A new website is demonstrating how much information users unwittingly share on the social networking website about themselves.
Do you remember Facebook Graph Search? It was introduced by Facebook back in 2013 and it was pretty creepy. It acted as a kind of “advanced search” where users didn’t just search for the name of a person they were looking for, but they could enter search phrases like “friends who like pizza”, or perhaps more creepily “friends of friends who are single”.
Graph Search capitalised on all the public information in its large database to return relevant results. So while the tool was creepy, it didn’t really violate your privacy. Well, not really anyway, since anything you made private was still private. Graph Search scoured publicly available information. Sort of like those creepy ‘aggregator’ websites that accumulate personal information about you by using only public sources.
Facebook have since dialled back Graph Search since its introduction, deemphasising the ability to enter those search phrases. But it’s still there, in the background.
And one software developer has created a website that connects to Graph Search that has bought the controversial tool straight back into the forefront of the privacy world. Using Facebook Graph Search on Facebook itself had become tricky (available to only those few that knew how to use it) but the website StalkScan has created an easy user interface that allows anyone to perform advanced searches on any Facebook user they wish.
This includes finding photos of any Facebook user – regardless of whether you’re friends – that have the public setting applied. Finding any public comment by a particular user. Finding any single people that are friends of a particular user. Finding any public events that a particular user is planning on attending. Finding all the places a particular user has publically “checked in”. And that’s only a small example of the number of potential searches.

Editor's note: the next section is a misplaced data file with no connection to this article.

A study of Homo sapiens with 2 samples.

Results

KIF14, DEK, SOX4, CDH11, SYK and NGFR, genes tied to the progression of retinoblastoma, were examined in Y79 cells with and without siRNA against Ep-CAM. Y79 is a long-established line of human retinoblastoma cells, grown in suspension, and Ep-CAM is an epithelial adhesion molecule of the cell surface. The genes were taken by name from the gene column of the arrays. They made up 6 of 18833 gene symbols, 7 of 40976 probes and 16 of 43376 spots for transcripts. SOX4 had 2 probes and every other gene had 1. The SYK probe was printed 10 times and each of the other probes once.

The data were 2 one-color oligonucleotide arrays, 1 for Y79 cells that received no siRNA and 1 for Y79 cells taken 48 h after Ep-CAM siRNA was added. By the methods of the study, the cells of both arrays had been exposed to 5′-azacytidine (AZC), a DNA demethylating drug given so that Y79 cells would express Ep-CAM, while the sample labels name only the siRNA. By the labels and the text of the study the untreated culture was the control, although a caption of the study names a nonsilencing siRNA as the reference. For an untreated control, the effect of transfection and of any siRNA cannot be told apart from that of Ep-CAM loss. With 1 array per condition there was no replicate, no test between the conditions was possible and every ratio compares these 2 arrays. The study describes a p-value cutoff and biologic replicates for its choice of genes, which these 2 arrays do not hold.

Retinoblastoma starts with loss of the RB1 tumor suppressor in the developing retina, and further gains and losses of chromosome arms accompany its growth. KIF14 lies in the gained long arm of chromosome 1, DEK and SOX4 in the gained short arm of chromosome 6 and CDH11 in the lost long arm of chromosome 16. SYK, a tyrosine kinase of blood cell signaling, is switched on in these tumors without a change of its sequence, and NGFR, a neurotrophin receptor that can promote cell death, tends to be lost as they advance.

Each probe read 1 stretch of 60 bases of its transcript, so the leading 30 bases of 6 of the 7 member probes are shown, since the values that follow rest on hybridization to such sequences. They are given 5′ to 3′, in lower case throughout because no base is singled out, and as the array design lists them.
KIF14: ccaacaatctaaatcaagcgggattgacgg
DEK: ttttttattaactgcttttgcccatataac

To reiterate, the information returned by StalkScan uses the public information returned by Facebook Graph Search. So all the results that are returned are publicly available on Facebook anyway. StalkScan just makes it easier for Facebook users to perform these searches and to go through the results.
It’s another reminder about being careful about those privacy settings and to make sure you regularly check what information about you is public. StalkScan – despite its name – wasn’t created to be a stalking site – it was created by Inti De Ceukelaire to make people aware of what information about them is lurking online, available to anyone. De Ceukelaire wrote…
With my actions and user-friendly tools I want to target the non-tech-savvy people because most of them don’t have a clue what they are sharing with the public.”
Using StalkScan on yourself isn’t particularly easy though, since you’re probably going to be logged in to your own account already and thus already able to see all your information. To see what strangers can see, you need to log in to a Facebook account that you’re not friends with and then use the website to perform searches related to your own account.
Remember, we have a guide to locking down your Facebook account here.